Amazon

Hey Amazon! Stop Putting Dead Relatives into Digital Devices

Dead relative talking digitally? Is Amazon crossing the limits with Alexa to be a tech leader?

Our life is being embedded with artificial intelligence (AI) in any which way we can imagine. Now Amazon comes up with a new top-up in making further progress in this regard. Alexa has been a prized product of Amazon and has helped the company to be the dominant player in the global market of digital voice assistant technology (DVAT) through the innovation of Echo Dot smart speakers. As a key DVAT strategy, Amazon has used the voice of leading celebrities from around the world. In India’s case, it has used the voices of the movie megastar Amitabh Bachchan and the leading sports commentator, Harsh Bhogle. But now DVAT has gone for a more innovative act: using the voice of the dead for the living relatives. The claim is that the basis of high-quality recorded speech with the duration of one minute Alexa can do wonders of this kind. Innovation is always welcome but this one-shot seems to go beyond the moral and ethical boundaries to make a big push for commercial success with digital devices.


One major issue is the commercial exploitation of the emotion of the grieving relatives of the dead. Amazon is certainly not going for such a venture on a no-profit no-loss basis, and certainly not with the prime purpose of sympathizing or empathizing with digital voice assistant technology. Also, it completely bypasses the fact that many relatives and acquaintances may not necessarily find it emotionally comforting to hear the synthesized voice of the dead. In other words, no one yet has been able to show any evidence that everyone bursts into happiness and does not drown in sadness in such cases. It may increase the “pain of loss” which Amazon claims to be reduced through this digital voice assistant technology. One does not even know what kind of psychological impact it may have on children in particular. In fact, for many, there are many other ways of retaining fond memories than asking Alexa to mimic a deceased person. One would do well to remember that recently Microsoft has announced that with the possibility of misusing synthetic voice technology through inappropriate impersonation of speakers, it has adopted a cautious approach regarding its use.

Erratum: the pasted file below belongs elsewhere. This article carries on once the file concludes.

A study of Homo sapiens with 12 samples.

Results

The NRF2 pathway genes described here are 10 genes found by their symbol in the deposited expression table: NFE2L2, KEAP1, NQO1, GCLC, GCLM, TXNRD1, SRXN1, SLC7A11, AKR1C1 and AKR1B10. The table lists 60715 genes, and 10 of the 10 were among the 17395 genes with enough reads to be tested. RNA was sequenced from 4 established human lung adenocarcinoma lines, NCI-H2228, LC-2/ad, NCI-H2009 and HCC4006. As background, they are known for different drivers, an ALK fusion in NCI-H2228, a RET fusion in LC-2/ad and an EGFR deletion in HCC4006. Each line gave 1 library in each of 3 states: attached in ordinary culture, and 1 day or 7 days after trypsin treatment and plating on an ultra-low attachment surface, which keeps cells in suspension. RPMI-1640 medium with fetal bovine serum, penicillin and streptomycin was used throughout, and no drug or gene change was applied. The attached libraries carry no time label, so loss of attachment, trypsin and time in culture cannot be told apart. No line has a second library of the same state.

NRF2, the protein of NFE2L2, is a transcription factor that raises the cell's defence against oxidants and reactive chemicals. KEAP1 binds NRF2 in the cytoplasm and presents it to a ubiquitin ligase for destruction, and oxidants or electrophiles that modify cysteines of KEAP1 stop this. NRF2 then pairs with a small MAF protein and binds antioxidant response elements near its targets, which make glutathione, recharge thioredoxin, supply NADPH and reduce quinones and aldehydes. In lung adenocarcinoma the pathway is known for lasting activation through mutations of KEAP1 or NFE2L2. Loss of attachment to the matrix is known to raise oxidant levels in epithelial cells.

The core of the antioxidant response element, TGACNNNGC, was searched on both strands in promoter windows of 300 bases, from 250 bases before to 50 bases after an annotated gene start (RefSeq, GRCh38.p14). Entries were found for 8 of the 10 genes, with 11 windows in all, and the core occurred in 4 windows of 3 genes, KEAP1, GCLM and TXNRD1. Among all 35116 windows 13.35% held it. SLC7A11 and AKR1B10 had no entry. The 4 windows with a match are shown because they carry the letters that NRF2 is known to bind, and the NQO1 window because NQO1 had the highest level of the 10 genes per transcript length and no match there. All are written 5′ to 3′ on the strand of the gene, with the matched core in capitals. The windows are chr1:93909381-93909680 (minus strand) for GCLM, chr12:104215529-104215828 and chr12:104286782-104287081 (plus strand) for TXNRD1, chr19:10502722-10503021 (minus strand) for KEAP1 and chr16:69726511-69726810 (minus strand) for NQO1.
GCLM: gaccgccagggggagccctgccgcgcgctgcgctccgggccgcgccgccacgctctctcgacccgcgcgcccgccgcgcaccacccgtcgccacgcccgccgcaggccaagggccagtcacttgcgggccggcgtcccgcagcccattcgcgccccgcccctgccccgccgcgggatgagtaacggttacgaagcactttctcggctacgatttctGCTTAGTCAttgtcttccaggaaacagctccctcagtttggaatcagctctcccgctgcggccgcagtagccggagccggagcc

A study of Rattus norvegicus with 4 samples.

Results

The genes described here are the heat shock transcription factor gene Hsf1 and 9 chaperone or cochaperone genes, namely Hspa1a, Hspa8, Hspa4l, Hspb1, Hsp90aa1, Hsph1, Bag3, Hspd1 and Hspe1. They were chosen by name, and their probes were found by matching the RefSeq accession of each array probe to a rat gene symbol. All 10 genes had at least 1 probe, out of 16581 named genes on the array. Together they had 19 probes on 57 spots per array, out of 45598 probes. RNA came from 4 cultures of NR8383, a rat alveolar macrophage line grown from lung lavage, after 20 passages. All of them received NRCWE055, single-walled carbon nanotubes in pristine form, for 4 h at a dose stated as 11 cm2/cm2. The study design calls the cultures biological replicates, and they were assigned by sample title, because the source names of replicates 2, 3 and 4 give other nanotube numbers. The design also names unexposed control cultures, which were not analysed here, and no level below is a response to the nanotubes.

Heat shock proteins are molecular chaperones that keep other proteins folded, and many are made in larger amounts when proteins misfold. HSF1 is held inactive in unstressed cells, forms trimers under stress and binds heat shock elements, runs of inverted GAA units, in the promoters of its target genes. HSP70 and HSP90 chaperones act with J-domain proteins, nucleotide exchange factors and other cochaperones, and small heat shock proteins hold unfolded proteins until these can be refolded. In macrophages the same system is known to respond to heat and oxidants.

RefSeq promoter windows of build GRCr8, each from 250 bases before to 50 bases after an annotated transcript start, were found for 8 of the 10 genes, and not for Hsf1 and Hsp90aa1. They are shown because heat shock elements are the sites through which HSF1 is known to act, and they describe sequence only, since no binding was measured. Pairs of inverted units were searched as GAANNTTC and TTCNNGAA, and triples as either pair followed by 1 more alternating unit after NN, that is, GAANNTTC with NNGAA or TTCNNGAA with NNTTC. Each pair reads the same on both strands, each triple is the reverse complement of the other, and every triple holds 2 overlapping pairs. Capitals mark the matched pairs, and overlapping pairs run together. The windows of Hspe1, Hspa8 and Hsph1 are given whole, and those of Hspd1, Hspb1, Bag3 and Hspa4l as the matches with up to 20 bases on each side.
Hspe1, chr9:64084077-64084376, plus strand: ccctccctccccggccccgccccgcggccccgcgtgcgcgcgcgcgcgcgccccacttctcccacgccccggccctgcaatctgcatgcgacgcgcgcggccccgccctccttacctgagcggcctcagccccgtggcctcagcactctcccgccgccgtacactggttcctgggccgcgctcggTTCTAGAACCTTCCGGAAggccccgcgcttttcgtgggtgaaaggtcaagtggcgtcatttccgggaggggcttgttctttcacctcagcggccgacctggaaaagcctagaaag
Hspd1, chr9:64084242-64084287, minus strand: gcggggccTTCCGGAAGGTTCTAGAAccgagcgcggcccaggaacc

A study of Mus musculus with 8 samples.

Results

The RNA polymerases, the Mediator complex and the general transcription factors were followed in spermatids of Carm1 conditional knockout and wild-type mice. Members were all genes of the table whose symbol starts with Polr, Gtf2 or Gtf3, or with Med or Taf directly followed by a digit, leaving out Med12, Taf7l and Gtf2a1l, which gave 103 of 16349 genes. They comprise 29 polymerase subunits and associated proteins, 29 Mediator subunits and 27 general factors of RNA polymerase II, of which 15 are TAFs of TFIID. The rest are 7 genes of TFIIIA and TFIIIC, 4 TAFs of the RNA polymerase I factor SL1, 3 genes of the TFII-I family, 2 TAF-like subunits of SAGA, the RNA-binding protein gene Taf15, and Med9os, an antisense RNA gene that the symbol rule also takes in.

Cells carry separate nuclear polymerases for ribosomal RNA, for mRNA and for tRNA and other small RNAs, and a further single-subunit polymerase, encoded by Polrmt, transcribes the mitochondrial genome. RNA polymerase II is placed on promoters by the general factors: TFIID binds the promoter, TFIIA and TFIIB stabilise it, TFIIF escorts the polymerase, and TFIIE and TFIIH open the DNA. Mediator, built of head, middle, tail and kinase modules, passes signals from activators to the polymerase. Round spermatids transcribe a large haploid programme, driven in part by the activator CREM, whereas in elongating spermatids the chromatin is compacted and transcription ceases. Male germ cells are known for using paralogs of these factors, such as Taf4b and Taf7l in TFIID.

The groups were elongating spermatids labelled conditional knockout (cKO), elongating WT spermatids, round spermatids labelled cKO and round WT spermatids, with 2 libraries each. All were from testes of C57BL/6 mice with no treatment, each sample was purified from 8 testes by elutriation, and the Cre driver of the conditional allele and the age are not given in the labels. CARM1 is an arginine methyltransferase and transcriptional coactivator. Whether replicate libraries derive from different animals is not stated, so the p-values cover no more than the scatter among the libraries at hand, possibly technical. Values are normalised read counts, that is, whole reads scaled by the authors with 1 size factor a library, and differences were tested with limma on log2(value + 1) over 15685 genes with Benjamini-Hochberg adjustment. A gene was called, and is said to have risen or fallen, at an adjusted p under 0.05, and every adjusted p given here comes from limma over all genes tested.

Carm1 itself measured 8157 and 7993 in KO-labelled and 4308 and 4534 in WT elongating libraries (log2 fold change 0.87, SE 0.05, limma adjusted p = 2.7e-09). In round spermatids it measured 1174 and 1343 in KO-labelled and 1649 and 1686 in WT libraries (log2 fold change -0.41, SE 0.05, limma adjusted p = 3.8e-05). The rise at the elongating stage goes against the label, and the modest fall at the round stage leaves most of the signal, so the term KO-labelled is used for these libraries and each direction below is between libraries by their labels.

One can go for an experiment by asking digital devices like Alexa itself if it really makes sense to bring back the voice of the dead? Predictably, Alexa would support the act but that does not provide substantive answers to the issue raised above. However, the only consolation as of now is that Amazon has not laid out any plan to make the weird artificial intelligence innovation available immediately.